March 2019 – March 2023

Group and collaboration

Collaboration: Prof. Dr. Hermen S. Overkleeft, Dr. Bogdan I. Florea (Leiden University)

PhD student: Patrick Dekker

Project description

The proteasome has proven to be a promising drug target in the field of oncology. Several proteasome inhibitors are already actively being used in the clinic for the treatment of haematological cancers, multiple myeloma and mantle cell lymphoma. The proteasome plays a pivotal role in maintaining the delicate balance of protein homeostasis, and in processing epitopes needed for antigen presentation as part of the adaptive immune response. Disrupting protein homeostasis by proteasome inhibition causes the manifestation of cytotoxic protein build-up, leading to cell apoptosis. This has been the main mechanism by which proteasome inhibitors have been used to combat haematological cancers.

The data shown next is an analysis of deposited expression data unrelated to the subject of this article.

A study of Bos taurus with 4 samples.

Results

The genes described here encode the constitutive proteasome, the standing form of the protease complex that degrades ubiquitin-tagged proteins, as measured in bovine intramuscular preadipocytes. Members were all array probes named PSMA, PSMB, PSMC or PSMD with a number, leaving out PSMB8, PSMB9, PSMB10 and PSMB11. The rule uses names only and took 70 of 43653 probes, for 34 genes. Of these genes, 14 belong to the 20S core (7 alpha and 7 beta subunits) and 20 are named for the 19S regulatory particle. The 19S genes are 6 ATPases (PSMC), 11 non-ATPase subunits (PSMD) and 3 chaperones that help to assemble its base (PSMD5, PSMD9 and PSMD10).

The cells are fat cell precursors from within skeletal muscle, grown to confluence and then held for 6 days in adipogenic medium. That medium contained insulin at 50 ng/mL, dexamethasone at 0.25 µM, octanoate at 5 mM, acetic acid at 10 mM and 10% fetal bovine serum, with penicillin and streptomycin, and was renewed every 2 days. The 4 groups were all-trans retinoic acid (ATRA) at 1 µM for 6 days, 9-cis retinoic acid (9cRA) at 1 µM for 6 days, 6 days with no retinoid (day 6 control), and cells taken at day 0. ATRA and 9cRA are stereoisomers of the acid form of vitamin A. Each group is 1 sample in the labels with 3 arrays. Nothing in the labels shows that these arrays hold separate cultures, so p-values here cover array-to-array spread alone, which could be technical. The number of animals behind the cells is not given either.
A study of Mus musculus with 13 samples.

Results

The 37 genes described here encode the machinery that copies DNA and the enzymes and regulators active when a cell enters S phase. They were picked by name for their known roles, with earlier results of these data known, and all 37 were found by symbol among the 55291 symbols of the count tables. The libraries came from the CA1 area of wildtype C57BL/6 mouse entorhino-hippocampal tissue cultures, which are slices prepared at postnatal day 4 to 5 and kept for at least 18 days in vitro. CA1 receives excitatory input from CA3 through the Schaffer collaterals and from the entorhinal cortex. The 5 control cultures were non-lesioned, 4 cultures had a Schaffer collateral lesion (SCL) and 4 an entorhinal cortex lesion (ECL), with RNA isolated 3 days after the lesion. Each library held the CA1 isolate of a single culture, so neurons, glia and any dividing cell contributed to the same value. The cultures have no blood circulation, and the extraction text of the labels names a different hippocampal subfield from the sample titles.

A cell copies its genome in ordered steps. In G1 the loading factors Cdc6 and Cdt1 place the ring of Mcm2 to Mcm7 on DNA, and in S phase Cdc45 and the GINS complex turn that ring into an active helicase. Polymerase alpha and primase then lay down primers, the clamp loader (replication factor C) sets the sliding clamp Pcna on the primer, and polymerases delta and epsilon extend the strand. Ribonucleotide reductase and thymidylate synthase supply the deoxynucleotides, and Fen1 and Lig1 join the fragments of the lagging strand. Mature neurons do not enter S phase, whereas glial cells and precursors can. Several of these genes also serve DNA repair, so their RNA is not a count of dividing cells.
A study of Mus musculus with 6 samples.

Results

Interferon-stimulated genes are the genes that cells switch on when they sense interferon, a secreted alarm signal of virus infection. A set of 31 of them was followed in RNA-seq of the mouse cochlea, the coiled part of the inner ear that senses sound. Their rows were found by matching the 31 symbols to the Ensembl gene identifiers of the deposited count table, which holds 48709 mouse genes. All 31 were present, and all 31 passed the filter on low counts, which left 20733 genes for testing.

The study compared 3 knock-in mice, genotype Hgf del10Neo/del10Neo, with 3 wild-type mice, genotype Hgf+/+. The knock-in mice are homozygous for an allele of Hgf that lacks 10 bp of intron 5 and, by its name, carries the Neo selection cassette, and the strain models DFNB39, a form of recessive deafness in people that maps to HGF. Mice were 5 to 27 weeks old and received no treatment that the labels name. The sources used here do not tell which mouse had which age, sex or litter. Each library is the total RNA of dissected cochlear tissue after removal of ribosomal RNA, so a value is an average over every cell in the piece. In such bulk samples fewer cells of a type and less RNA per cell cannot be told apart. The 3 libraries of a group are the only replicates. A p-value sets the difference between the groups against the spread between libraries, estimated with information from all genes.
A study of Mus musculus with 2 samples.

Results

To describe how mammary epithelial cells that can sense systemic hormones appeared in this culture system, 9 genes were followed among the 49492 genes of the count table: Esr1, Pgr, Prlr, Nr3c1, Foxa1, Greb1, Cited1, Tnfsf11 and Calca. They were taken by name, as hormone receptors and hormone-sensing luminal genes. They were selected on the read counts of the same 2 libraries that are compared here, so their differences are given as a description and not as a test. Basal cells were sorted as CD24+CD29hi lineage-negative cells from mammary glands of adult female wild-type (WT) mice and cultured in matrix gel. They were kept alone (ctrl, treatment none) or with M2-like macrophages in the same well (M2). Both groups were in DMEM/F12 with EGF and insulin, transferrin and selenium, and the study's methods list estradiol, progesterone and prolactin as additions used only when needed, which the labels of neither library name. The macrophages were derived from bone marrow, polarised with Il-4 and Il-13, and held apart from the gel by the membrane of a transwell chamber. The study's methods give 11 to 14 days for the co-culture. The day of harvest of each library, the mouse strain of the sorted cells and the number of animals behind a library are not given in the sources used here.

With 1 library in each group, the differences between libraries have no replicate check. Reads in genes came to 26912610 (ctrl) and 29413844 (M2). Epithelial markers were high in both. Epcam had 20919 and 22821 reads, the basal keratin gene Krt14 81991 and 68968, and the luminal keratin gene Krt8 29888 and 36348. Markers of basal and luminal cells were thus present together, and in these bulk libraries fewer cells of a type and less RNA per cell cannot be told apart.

Interestingly enough several pathogenic microorganisms, such as Plasmodium falciparum and Mycobacterium tuberculosis, have shown to exhibit a distinctly different proteasomal specificity in comparison with human proteasomal specificity. This enables us to specifically inhibit the microorganism’s proteasome over the human proteasome, thereby using the disruption of the microbial protein homeostasis as a way of treating infections caused by pathogenic microorganisms.

This project will focus on exploring the proteasomal specificity of pathogenic microorganisms and ultimately aims to develop new tools and probes suitable for selectively inhibiting pathogenic microorganisms in the host environment.


  • Developing new probes suitable for selectively inhibiting pathogenic microorganisms in the host environment

Disease Intervention Strategies is the overarching theme for more than 10 PhD tracks in NCOH projects to create new interdisciplinary, inter-thematic, and inter-institutional research collaborations.

PhD student interview

Interview: ‘It is all about the cell’s trash cans’

PhD student Patrick Dekker is working on a drug to kill pathogenic microorganisms. The key? Clocking the trash cans of the pathogenic cells.